Requirements analysts form a bridge between clients and software developers. Their job is to fully understand the needs of the client who is ordering software. They must ensure they know exactly how the client needs the software to function and what kind of tasks they must be able to perform. This can involve interviewing professionals who work for the company ordering the software and assessing the current computer system that the company has.
Once they have a clear understanding of the client's needs they prepare a report. This is used to provide a framework to the software developers who will create the program. They create a set of guidelines for the product. As software developers begin to write the program code, requirements analysts stay involved to ensure that the work is meeting the identified needs of the client. They make sure that when the software is delivered that it will meet client expectations.
|Educational Requirements||Bachelor's degree|
|Job Skills||Communication skills, analytical skills, computer skills, investigative skills, organizational skills, customer service skills, interpersonal skills|
|Mean Salary (2017)*||$82,211|
|Job Outlook (2016-2026)**||9% (computer occupations, all other)|
Sources: *Glassdoor; **U.S. Bureau of Labor Statistics
The minimum amount of education required to become a requirements analyst is a bachelor's degree. This career can be pursued following studies in a number of fields. Concentrating on a major in business can be one option. Since strong computer skills are an asset some individuals may opt to study computer science. It can also be beneficial to have a range of knowledge related to the software needs in different fields, so pursuing studies in accounting or healthcare management may also help prepare individuals for this career.
Requirements analysts must be able to communicate effectively with customers so they need to have strong customer service skills and communication skills. They also need strong written communication skills to produce project guidelines. Organizational skills are important because they need to be able to evaluate project progress and ensure that the project is progressing as expected. Analytical skills are needed to evaluate information, and requirements analysts also need to have research skills to ensure they have a complete picture of the client's software needs. Since they work with computer programming professionals they also need to have strong computer skills.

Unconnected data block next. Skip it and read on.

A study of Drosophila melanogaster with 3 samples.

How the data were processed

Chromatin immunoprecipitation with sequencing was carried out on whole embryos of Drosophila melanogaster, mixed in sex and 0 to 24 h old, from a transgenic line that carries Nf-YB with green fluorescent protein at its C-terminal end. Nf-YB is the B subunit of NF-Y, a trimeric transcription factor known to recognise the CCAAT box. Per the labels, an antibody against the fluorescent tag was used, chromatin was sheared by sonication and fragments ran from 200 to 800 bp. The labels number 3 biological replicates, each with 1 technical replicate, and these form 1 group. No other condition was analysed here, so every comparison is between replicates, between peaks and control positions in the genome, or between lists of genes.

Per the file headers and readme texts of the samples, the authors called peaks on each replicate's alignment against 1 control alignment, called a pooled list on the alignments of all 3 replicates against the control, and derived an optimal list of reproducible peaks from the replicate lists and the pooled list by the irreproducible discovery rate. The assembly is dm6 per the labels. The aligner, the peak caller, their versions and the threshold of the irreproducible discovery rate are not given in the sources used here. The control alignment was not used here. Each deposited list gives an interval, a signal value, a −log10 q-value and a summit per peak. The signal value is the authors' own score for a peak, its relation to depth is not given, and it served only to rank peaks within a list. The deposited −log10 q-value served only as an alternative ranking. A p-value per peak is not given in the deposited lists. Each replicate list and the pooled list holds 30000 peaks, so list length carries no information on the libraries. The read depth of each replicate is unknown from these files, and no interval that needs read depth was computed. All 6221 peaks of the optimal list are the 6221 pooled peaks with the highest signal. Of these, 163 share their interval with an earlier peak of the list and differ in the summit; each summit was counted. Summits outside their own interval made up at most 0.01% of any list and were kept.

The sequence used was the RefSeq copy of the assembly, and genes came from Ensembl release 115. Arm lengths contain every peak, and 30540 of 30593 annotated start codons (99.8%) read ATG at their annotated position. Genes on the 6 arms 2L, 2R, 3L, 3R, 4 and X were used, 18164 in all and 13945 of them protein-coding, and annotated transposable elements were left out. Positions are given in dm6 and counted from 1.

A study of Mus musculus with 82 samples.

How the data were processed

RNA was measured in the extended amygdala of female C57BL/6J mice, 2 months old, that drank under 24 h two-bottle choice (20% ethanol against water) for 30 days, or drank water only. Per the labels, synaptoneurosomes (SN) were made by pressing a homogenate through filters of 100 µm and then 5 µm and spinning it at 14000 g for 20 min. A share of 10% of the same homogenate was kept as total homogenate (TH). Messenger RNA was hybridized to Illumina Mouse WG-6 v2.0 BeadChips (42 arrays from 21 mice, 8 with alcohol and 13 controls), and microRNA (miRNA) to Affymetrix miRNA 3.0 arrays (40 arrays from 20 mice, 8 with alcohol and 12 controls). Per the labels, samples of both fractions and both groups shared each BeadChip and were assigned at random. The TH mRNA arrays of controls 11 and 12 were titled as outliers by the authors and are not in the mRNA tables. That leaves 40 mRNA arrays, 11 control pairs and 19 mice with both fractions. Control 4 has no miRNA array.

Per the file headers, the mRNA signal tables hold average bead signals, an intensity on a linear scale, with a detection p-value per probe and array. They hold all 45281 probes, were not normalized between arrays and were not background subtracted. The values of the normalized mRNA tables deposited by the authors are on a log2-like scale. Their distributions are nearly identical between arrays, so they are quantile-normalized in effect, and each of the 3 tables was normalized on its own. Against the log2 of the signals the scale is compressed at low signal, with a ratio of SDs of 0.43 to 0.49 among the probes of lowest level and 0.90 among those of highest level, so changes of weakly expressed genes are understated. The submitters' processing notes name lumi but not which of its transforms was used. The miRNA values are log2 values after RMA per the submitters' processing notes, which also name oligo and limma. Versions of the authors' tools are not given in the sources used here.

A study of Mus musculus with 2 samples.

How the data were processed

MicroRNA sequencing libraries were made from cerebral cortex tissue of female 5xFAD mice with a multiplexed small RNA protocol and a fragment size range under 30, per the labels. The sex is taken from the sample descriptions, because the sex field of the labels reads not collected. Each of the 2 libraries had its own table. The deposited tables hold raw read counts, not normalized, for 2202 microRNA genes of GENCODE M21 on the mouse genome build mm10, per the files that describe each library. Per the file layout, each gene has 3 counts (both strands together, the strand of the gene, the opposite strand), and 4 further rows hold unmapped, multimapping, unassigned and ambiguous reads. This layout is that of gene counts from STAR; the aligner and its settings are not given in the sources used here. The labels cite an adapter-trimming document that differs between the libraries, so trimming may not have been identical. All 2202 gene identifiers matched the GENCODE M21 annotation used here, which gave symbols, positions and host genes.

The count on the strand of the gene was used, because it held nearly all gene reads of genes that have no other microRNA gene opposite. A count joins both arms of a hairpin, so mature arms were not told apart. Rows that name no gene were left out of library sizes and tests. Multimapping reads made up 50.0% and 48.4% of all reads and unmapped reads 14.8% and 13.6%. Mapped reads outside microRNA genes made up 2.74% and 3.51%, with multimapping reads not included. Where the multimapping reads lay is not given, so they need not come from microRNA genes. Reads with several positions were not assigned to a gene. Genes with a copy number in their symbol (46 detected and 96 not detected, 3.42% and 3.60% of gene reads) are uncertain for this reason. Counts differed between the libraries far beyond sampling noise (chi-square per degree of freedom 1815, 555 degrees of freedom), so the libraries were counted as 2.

Career Outlook and Salary
Requirements analysts are part of the U.S. Bureau of Labor Statistics (BLS) listing titled 'computer occupations, all other'. From 2016 to 2026 this career field should see job growth of 9%, which is as fast as the average for all occupations during the same time period. Glassdoor indicates that in 2017, requirements analysts enjoyed an average annual income of $82,211.
There are many careers in information technology that may appeal to individuals who are interested in becoming a requirements analyst. Through the links provided here information about some career options that require comparable skills or involve some similar duties can be accessed.